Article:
Article in: Outdoors and Travel
April 23, 2010
In the quest to become a more rounded naturalist (aside from “just” birds) I have been constantly looking at plants, insects, and everything else wild I encounter. As the “nature lover” at work, it is oft assumed that I know the answer to anything outdoor related. Sadly, this is not the case.
But I do have a lot of resources and it is fun to learn what things are. I have often felt that much of the joy of birding is putting names to species. I can enjoy seeing birds but knowing more about them is so much better.
I walk with a group of coworkers on break to enjoy the fresh air and listen in on some of the daily gossip, er news. I work in an industrial park but there is plenty of shrubby habitat and attempts to landscape in what would otherwise be a sea of buildings and parking lots.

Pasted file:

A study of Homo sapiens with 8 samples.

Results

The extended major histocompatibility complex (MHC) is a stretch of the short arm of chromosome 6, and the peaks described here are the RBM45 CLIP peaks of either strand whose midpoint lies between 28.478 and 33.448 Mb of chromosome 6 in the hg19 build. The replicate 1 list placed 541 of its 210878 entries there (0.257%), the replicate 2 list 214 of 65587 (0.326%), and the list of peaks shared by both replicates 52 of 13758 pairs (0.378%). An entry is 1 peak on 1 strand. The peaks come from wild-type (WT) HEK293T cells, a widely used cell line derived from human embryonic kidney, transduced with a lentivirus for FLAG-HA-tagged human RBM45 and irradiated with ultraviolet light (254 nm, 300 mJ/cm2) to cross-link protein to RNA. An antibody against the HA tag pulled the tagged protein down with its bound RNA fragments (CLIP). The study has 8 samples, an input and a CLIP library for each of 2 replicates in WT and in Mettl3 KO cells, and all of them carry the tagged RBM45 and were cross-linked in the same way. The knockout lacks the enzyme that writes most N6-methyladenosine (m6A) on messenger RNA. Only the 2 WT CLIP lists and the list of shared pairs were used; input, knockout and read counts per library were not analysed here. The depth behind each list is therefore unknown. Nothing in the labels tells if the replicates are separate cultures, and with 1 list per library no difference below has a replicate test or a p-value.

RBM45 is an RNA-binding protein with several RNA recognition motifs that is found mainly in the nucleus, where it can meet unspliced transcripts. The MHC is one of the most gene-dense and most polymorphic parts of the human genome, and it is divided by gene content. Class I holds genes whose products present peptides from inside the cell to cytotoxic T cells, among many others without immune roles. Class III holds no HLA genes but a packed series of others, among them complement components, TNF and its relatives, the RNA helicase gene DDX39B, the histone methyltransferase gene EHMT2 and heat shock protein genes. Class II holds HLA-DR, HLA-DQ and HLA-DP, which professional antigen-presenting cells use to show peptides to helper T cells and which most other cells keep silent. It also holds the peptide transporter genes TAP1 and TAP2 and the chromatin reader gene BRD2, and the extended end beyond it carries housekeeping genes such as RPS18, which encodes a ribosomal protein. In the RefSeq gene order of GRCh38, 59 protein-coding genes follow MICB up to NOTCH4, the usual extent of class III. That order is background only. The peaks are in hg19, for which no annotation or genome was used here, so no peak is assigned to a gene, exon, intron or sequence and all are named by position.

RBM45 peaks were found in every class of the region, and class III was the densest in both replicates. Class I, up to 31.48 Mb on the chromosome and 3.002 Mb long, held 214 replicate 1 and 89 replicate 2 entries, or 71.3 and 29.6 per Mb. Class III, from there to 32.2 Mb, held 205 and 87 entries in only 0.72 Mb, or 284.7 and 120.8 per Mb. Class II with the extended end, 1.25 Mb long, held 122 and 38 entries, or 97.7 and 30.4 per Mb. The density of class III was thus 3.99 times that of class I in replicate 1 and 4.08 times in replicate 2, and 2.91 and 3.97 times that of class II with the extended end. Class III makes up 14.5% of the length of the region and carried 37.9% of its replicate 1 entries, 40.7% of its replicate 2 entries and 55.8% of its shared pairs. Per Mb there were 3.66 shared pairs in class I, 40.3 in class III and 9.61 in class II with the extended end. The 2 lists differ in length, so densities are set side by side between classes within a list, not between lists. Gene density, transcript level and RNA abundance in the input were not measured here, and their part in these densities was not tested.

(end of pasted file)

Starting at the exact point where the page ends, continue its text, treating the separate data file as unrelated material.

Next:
On one of our walks we discovered a peculiar stench and once we determined no one dumped a body in the vacant lot, we discovered it was the blossoms of a tree. I was asked what it was so took a few shots with the iPhone and checked with The Sibley Guide to Trees. A coworker called it the “turd tree” although I think it smelt much worse than turds.
From what I could determine, the tree appears to be an American Plum (Prunus americana). From Sibley: “flowers 1 inch, white, early spring before leaves (Mar-May) in 2-5 flowered umbels, fragrant, ill-smelling“. That sounds just about right!
I love getting outside away from the computer and enjoying the fresh, spring air. Well, not so fresh when close to the “turd tree”.